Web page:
A Price Worth Paying (part 2 of 3)
July 21st, 2017
, Part 3
I tallied four separate singing Northern Waterthrushes over the course of my
hike, the most I've ever heard in one day. (Saw none of them. Par for the
course with Northern Waterthrushes.) And indeed, what I could see through the
trees looked like waterthrush paradise, for much the same reason it was
mosquito paradise: abundant, pristine standing water and gently flowing
water. Somewhere in there, a little streaky brown bird was walking along the
water's edge, tail bobbing, searching for aquatic insects and crustaceans or
maybe even wading into the water to snap up minnows. But I could only imagine
it, not see it.
After awhile I came to a spot where swampy woods gave way to a large, open
wetland. It appeared a grassy marsh at first glance, but the presence of what
looked like bog cotton
suggested otherwise. These are the snowy-white tufts that blanket Mer Bleue
bog in late spring and summer, giving the landscape a strange, almost alien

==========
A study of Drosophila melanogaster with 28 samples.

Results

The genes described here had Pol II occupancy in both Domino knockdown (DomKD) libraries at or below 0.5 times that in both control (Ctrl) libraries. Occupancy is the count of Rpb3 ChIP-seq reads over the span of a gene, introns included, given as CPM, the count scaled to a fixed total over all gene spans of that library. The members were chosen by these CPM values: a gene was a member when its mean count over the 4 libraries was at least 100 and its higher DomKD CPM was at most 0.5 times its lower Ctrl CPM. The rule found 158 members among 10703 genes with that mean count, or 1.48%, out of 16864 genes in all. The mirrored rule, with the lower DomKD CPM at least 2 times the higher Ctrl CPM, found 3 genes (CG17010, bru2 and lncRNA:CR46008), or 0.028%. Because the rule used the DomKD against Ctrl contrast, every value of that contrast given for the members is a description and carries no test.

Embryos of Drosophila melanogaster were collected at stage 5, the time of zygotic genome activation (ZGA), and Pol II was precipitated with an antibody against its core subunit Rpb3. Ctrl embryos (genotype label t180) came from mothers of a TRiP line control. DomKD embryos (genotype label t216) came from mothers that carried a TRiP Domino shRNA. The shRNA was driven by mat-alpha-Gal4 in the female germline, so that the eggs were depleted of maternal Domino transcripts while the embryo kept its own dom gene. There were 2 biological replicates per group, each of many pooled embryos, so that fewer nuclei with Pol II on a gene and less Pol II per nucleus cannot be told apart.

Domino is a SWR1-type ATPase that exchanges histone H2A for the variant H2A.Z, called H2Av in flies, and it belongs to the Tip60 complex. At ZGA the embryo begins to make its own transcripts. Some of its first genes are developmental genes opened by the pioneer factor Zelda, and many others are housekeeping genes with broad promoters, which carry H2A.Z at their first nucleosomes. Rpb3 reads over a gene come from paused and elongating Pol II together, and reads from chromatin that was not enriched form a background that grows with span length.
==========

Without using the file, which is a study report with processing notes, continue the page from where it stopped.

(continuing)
beauty. They did not blanket this place, but that there were any of them was
very suggestive. This was no mere marsh, and there might be things to see that
I don't see often.
It was on the margin of this wetland that I found my first in-bloom Showy
Showy Ladyslippers are somewhat variable wildflowers. They can grow up to two
feet tall and may have striking, deep pink highlights on the white slippers.
This one was on the small and pale side, but beautiful nonetheless. I was
thrilled to find it. I searched for more, but it was the only one I could see.
Its presence suggested that the wetland was in fact a fen (neutral-to-alkaline
and fed by groundwater), which in turn suggested that the "Bog Cotton" was
actually its relative, Slender Cottongrass. (I'm rather out of my depth here.
I'd love to take a field botanist along with me on this hike!)
These little beauties also grew on the margins of the wetland. The very dark,
purplish lateral petals mark them, I think, as a variation known as Small
Yellow Lady's Slipper (Cypripedium parviflorum var. makasin). Compared to the
larger and more common variety, these are about half the size and prefer
wetter habitat, particularly fens and bogs.